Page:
With news that national free bus passes for those above the age of 60 but under the state pension age might be scrapped could mean extra travel costs for the older generation.
However, there are a number of other options to help out. For example, if you’re an over-60 living in one of the 33 London Boroughs, you can ride the capitals public transport for free with the 60+ Oyster Card.
Those in Wales and Scotland can also get free travel. The Arriva Club 55 and the ScotRail Club 50 card gives over 60s discounts while Scotland also offers free travel on national bus services and some trains.
This still leaves a few people out if they are under pensionable age but there are many discounts and savings on other methods of travel to help ease the costs of getting around.
Senior Railcards offer over 60s a discount of one third off their rail fares along with a host of other potential savings interlinked with the Railcard. For example, Tesco Clubcard holders can use their points towards buying a one year Railcard for £15 instead of £30. Anyone can apply for a Senior Railcard up to 14 days before they turn 60, and it can be delivered immediately.
The National Express Senior Coach Card offers a great way to save a 1/3 on Standard and Fully Flexible fares to hundreds of towns, cities and airports across the UK.
With the card there are no restrictions on-peak and off-peak travel times, so you can travel when it suits you best, including on public holidays, bank holidays and weekends.
Over 60s can benefit from discounts from a variety of airlines and if you’re going on holiday or a trip away it is worth looking out for what is on offer. Airlines like British Airways have previously offered 25 per cent off its year-round fares to the UK and Europe, while other airlines such as Air France and Delta also offer special discounts for older people.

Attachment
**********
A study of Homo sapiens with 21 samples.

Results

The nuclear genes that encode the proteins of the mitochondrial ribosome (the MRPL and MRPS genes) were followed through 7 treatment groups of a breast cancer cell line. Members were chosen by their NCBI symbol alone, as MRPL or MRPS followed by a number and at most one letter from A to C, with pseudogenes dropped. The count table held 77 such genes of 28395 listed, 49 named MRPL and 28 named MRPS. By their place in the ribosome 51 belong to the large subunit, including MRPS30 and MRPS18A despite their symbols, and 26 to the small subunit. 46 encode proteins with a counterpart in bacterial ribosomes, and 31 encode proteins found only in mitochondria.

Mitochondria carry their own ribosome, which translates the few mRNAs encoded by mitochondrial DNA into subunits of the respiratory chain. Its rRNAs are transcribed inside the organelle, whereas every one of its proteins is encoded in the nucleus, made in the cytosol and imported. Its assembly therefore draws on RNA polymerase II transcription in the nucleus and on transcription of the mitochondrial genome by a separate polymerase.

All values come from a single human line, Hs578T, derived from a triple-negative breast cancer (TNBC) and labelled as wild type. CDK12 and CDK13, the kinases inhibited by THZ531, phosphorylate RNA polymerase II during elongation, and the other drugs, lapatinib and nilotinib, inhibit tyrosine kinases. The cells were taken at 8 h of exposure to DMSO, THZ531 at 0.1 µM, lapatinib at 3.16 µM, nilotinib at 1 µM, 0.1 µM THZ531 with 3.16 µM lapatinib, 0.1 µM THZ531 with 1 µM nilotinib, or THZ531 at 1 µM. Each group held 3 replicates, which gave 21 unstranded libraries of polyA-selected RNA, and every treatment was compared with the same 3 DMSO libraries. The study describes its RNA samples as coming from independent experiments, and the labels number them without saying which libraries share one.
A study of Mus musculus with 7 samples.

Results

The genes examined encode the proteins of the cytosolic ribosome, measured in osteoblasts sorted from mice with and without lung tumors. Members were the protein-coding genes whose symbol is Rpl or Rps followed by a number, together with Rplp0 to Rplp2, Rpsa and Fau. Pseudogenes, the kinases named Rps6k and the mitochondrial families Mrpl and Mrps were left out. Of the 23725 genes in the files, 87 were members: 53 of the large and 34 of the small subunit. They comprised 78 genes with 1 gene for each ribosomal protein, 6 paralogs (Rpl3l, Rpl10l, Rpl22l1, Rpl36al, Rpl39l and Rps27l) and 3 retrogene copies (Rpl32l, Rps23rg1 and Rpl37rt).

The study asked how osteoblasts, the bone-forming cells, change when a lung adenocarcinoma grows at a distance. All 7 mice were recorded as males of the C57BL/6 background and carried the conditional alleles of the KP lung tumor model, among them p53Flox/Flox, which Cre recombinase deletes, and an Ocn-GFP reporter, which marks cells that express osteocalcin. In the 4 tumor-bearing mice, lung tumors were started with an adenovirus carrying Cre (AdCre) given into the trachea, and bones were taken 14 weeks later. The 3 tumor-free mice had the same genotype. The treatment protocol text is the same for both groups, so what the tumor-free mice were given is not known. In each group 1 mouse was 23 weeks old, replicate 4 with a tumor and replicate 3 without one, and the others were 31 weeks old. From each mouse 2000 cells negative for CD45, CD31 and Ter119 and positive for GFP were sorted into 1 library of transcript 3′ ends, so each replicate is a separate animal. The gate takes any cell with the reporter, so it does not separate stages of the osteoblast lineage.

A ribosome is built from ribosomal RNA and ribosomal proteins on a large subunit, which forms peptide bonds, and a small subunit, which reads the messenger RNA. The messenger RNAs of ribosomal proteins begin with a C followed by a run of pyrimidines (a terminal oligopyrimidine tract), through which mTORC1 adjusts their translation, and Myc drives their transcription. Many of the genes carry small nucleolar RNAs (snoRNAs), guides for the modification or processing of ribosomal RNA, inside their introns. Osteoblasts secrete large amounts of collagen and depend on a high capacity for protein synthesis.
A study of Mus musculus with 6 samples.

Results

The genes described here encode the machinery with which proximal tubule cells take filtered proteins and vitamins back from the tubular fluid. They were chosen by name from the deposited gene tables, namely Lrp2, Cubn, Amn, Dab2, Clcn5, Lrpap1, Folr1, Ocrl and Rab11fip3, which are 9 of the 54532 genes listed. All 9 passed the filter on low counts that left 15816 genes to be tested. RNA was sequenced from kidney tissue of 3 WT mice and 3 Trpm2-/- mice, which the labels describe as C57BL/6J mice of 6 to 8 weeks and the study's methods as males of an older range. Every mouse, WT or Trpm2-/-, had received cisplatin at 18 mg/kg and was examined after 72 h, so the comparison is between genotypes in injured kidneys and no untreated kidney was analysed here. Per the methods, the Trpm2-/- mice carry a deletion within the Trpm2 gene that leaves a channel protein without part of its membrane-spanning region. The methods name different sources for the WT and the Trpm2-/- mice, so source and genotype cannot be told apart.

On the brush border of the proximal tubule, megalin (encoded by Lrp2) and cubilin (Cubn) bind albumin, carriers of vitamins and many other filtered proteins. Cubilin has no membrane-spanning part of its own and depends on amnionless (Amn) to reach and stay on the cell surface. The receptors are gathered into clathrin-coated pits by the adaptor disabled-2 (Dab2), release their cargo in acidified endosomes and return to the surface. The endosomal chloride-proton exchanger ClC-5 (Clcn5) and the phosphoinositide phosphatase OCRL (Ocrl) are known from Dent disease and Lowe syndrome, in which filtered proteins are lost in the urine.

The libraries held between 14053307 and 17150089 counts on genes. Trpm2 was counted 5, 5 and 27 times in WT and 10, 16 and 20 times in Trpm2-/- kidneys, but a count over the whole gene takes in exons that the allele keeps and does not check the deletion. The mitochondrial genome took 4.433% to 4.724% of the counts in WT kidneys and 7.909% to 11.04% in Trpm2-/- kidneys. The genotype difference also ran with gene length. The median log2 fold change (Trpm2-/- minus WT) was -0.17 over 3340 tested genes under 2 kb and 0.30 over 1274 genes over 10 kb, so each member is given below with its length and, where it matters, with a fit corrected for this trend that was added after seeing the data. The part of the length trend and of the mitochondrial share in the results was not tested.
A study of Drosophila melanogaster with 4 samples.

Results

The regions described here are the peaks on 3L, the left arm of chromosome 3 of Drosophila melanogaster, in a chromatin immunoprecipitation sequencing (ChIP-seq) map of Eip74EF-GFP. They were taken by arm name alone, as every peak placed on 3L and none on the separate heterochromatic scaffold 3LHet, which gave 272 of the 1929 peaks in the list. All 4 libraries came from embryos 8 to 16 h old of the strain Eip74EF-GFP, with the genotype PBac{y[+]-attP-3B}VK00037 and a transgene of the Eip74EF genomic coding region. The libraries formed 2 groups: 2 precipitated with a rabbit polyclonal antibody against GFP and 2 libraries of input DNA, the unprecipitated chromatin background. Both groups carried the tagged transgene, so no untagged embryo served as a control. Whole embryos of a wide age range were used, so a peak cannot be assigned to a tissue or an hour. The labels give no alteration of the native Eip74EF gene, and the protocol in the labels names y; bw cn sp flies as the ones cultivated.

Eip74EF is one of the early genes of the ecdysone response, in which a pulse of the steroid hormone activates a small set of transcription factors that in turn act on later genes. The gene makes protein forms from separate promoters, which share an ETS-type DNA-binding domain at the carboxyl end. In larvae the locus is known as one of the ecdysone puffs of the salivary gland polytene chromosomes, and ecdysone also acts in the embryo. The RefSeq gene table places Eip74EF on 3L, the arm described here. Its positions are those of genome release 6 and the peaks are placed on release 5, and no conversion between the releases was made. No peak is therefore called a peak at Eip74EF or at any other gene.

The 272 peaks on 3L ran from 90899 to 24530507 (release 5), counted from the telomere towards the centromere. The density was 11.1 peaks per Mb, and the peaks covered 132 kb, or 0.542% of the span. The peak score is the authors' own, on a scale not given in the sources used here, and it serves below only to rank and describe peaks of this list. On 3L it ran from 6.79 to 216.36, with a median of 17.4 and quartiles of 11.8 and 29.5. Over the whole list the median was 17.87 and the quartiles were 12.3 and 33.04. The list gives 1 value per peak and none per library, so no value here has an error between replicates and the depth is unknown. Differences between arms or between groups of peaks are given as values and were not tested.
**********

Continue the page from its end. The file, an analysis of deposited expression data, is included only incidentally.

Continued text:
For many over-60s living in rural areas it is essential that you are able to drive a car so that you can remain independent. Even older people with disabilities can still drive as there are specially adapted cars to keep you on the road.
Many older people like to downsize their car as well as their home and when it comes to their vehicle there are lots of things you can do to make it more affordable.
If buying a used car look at those which have been on sale for a while.
Those around 3-5 years old are usually in good shape and reliable but if someone wants to sell quickly you could grab a bargain.
It is worth remembering that low engine power means less fuel. If you are going to drive short journeys then a small engine is more economical, as is a manual car over automatic. The insurance is also likely to be less than a larger vehicle.
Another option for over 60s looking to change to a new car in older age is to hire or lease. One of the benefits is paying monthly, avoiding the need to eat into savings. Maintenance packages mean that all the servicing, tyres and MOTs are included in the monthly fee.
Walking has so many benefits for older people. It can improve health and wellbeing and can also help when it comes to living independently for longer.
Known for strengthening muscles, keeping weight steady and lowering risk of heart disease, stroke, colon cancer and diabetes, walking is a power exercise for the over 60s.
Because walking also strengthens bones it is thought just ten minutes a day could have the number of people over 45 who fracture their hip and keep people active in their own homes.
The activity also increases confidence and moot, can be a great way to socialise and – best of all – it’s free!